Volume 73, Number 44 | March 3 - 9, 2004



Gekko, mistress of the Lower East Side Tesla coils

Gekko, inset, with the larger of Collective Unconscious’s two Tesla coils.
By Lincoln Anderson

It was a recent show of the self-proclaimed Downtown Art Babes at Collective Unconscious on Ludlow St. Anna Montana, a performance artist from Europe, had done a strangely mesmerizing “alternative burlesque” in the buff with a mop as a partner. Faux Maux, another Babe, who has a condition that is forcing her posterior backwards, held flash cards on said bum, which was as naked as Montana — the artist, that is, not the state. A dancer in burlap writhed on the floor as if possessed, while another woman hummed into a tape-loop device to create overlapping tone patterns.

But the highlight came after emcee Gekko announced it was time for a little Tesla coil fun. The smaller of the theater’s two Tesla coils was wheeled out, along with a trunk-sized transformer — manned by Jamie Merceness, Collective Unconscious’s technical director — which is needed to operate the Tesla.

Suddenly, it was as if an electrical storm had broken out in the darkened room.

Shooting off the Tesla were bolts of electricity several feet long, complete with sound effects — staticky crackles, bursts and pops — just like in the laboratory in a Frankenstein movie. The electricity danced and whirled around the top of the coil in a crazy pattern.

Dressed dominatrix style, in skin-tight black PVC, Gekko did Tesla tricks, like standing a few feet away and making a fluorescent light bulb glow by holding it out in the coil’s direction. She placed some anatomical objects, not suitable for printing in a family newspaper, on the Tesla, channeling its charge through them — each time Merceness first cutting the power for her to set up.

For those who stayed, Gekko treated them to a demonstration of the big Tesla coil. This time the bolts were much larger and more powerful looking. It was easy to imagine one flicking out and zapping an audience member. As with the smaller coil, Gekko warned any performers or techies walking between backstage and the audience to keep 7 ft. away, outside the “Tesla zone of death.”

Despite the lightning sizzling all around her, she showed no fear. At one point, though, she thought of executing a move where she gets the electricity to go directly from the coil to a fluorescent bulb in her hand, then thought better of it. The last time she attempted it, she explained, a bolt had jumped to the bulb and then — attracted to the nearest metal — went straight to a piercing she has in an extremely sensitive spot.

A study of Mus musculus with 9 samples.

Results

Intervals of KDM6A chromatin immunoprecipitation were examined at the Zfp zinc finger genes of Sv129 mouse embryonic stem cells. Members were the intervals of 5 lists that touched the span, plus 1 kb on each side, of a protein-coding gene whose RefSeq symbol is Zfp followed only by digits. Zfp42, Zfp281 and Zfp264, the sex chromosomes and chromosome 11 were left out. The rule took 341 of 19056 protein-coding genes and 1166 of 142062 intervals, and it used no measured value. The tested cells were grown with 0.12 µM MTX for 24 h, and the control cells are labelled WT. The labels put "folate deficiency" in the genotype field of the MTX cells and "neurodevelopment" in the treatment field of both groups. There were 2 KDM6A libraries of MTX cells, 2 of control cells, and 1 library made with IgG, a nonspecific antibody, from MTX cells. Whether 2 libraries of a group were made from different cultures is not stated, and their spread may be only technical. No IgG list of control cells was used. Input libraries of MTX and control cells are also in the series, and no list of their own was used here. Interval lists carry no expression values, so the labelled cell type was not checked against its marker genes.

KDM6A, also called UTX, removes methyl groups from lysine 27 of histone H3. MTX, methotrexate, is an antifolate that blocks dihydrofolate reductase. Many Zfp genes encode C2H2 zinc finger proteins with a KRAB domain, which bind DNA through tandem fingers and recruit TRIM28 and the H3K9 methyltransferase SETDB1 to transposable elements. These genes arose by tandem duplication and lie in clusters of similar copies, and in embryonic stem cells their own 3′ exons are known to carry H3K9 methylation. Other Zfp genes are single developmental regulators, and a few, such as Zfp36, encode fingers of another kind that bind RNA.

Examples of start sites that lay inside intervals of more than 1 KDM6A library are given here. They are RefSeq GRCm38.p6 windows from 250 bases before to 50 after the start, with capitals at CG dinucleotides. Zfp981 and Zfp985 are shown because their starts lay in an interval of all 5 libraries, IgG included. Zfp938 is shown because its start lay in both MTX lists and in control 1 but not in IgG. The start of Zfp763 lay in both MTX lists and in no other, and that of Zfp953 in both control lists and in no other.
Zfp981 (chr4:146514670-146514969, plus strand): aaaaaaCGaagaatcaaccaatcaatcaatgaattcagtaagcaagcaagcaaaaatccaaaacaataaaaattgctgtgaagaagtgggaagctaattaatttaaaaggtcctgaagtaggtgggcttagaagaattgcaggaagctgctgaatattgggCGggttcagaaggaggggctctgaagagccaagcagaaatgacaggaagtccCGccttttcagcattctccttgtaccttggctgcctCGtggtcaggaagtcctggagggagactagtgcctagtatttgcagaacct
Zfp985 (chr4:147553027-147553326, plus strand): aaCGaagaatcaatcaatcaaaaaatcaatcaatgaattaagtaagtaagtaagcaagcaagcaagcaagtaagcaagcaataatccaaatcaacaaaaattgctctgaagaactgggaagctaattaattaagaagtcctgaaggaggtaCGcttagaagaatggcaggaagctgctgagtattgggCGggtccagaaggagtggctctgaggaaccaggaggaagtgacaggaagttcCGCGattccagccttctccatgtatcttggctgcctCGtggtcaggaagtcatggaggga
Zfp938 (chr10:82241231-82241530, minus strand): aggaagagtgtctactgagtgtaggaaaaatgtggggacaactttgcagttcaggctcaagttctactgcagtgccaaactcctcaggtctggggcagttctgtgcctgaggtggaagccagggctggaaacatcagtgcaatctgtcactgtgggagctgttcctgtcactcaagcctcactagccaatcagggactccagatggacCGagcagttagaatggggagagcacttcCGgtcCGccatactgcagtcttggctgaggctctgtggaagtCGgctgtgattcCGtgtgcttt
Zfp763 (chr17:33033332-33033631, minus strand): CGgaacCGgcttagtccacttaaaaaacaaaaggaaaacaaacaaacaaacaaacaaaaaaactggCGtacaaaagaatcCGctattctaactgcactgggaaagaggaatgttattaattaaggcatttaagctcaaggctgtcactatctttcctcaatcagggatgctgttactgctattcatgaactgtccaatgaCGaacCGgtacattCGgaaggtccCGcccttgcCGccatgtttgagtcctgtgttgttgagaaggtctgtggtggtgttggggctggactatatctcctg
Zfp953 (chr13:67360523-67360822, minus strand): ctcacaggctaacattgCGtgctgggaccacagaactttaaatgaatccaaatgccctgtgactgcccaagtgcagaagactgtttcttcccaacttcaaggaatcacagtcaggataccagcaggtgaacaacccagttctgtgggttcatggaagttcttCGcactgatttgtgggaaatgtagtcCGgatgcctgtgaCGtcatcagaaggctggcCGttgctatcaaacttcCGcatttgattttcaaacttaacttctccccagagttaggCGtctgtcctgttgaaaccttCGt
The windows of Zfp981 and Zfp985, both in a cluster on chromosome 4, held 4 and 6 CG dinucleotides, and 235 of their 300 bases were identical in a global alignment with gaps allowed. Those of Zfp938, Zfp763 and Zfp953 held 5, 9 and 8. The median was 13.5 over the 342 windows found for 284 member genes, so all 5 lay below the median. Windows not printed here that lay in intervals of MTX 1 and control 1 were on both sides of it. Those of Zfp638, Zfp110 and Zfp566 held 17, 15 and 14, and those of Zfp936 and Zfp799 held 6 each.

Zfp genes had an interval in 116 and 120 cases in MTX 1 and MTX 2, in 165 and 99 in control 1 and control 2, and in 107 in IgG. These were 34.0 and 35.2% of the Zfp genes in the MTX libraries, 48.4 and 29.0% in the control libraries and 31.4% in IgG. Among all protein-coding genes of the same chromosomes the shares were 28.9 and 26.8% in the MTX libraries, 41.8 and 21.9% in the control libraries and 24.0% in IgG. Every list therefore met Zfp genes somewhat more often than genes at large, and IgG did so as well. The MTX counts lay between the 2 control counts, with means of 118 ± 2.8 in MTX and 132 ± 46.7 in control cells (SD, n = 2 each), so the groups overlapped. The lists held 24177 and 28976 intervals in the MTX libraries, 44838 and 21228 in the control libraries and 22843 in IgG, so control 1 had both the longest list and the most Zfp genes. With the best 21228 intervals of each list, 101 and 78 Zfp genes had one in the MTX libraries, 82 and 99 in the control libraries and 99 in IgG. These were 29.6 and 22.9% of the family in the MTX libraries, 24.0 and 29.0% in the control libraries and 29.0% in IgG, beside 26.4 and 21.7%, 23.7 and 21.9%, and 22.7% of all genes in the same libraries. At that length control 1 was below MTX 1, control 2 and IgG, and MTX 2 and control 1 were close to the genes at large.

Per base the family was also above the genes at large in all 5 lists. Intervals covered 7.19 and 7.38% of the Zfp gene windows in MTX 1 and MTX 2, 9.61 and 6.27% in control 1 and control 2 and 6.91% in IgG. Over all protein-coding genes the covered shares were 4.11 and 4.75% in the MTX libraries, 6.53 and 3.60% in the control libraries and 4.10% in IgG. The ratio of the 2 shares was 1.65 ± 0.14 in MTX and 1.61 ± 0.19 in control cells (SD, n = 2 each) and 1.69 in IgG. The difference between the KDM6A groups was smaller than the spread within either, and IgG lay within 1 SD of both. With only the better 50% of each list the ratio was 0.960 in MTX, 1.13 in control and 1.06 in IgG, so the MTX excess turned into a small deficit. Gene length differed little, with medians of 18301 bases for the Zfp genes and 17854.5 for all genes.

Gekko, last name Saccomanno, who lives on the Lower East Side, has been a fan of inventor Nikola Tesla since she was a kid. When she joined Collective Unconscious six years ago, she was thrilled to find they had their own Tesla coil, which Merceness had built. They subsequently bought another.

“I’ve always had a Tesla fixation,” Gekko said in an interview after the show. “And when I joined the group I was like, ‘Here I am with one of my idols.’ ”

In grade school, “I was kind of a geek and I just discovered him,” she said. She wrote a paper on Tesla, but her teacher didn’t believe the inventor existed.

“There’s Tesla technology in every radio and TV — it powers Niagara Falls,” continued Gekko, who describes her onstage persona as “sci-fi cyber chick.” “Tesla coils create ozone and are used to get the funk out of the air in sewage plants.”

Her birthday is even the same as Tesla’s. Of course, she’s already been to Philadelphia to see the new opera on his life.

Collective Unconscious’s Tesla coils are likely the only recreational ones in Manhattan. As far as she knows, Gekko said it’s legal to operate them in a theater, though, of course, with caution.

“ ‘If you’ve got a pacemaker, stay away’ is a joke we always use. I’m the only one that’s brave enough to perform with it.”

However, she has been injured, such as when she was shocked in that painful place.

“I was onstage so I tried not to show it hurt,” she said. “I’ve been shocked by the little one on a big level — and it hurt — and by the big one on low level.”

When she holds objects towards the Tesla she uses her right hand, so if she is shocked the charge won’t cross her heart.

“It could kill you, the large bolt, I would think,” she said. “If not, you would be out of commission for a long while…. Don’t try it at home.”

Also, “it gets a little loud; it makes that firing sound,” Gekko added. Yet, the only one who seems bothered by the noise, according to her, is a Ludlow St. resident whom she declined to identify other than as “the woman who hates everything.”

Collective Unconscious’s building will be demolished for new apartments and the theater must vacate by July. They are looking for affordable space, with help from Councilmember Alan Gerson, so far without luck. And while they probably won’t need a place that takes terriers, they will need one that takes Tesla coils.